I commented in my review of Howl that I had never read the poem, regarded as one of the great works of the 20th Century. With that said, several of my bookish friends have all commented likewise. It feels sort of odd (I really should change my name to “snail the odd” or “snail the odd one” hmmm) as it feels like part of my growing up environment, yet it was written before my birth (by more than a decade). It is ingrained in my psyche, or at least a few quoted morsels, in some respects like 80s music is, though that is probably a poor, if not insulting, comparison :-) The 80s were when I grew up, started to get to know the world on my own terms…somewhat. Though it wasn’t til the 90s (mid to late at that) that I really came into a sense of myself.
Howl was written in the 60s, my father’s era. The Beat generation has been talked about in the media my entire life, as one of the defining movements of the 20th Century. Ginsberg died in 1997, and I think I recall being aware of it at the time. I am 41, I am more than halfway through my allocated time of three score years and ten.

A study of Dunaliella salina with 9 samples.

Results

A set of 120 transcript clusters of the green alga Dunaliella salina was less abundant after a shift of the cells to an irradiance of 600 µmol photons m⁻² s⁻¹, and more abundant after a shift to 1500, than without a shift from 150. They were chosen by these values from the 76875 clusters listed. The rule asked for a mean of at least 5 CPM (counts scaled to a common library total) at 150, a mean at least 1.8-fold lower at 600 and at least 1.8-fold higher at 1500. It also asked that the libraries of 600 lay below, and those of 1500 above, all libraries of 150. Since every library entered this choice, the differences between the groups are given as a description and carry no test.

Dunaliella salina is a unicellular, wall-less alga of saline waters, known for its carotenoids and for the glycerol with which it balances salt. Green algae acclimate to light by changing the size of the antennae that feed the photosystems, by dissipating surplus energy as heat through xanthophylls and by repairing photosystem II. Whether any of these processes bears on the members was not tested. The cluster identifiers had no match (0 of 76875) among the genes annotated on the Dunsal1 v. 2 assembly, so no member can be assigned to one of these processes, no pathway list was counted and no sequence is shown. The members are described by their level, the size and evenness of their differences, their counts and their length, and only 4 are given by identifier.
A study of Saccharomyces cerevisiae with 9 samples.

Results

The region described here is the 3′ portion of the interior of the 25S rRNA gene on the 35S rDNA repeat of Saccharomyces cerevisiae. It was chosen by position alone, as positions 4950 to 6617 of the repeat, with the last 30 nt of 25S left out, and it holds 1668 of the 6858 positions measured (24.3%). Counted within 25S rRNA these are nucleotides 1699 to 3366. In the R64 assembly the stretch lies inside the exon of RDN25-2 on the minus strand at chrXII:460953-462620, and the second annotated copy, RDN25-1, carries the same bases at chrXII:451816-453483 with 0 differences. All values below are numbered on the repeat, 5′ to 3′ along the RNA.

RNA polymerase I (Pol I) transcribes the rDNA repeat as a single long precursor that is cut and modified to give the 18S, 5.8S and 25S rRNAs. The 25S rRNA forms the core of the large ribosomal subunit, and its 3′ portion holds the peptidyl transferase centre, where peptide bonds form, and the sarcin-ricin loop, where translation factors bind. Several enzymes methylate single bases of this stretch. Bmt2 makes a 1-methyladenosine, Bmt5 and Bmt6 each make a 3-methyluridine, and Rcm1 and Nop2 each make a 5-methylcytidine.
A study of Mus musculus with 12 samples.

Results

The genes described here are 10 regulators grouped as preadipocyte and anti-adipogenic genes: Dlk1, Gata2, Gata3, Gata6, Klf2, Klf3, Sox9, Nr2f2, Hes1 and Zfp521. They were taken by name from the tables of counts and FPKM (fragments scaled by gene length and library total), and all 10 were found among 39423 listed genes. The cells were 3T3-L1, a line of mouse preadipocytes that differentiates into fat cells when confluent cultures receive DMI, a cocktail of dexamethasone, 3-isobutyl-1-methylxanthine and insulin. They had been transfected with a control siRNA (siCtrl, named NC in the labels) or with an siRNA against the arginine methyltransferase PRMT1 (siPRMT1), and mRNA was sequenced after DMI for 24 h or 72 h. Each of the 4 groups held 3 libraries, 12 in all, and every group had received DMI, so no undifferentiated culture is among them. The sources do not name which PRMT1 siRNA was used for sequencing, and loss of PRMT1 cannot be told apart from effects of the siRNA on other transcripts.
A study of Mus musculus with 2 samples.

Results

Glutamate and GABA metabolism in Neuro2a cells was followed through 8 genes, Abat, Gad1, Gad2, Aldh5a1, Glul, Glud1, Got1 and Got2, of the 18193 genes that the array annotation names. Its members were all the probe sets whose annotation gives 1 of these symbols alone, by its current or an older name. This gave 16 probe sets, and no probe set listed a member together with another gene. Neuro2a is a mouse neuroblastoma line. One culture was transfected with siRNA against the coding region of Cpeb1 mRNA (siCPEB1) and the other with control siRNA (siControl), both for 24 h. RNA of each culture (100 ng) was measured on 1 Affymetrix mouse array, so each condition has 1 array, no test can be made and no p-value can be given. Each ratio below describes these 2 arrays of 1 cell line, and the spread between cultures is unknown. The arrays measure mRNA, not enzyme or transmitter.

Howl predates me.
The events around Howl can only be an historical recreation for me. It is history though it informs the life I’ve led (a curiously placed typo as I initially typed “read” then changed to lead before realising I meant “led” – I need more coffee today) as folk I’ve known as I’ve grown up have been part of the history that Howl speaks to. That older generation passing things down. We are two generations past Howl now; there are people my age who have adult children only a few years younger than Ginsberg was when he wrote Howl.
Howl is easily found online, though I sense it’s a poem to be heard or spoken, rather than simply read. A performance piece.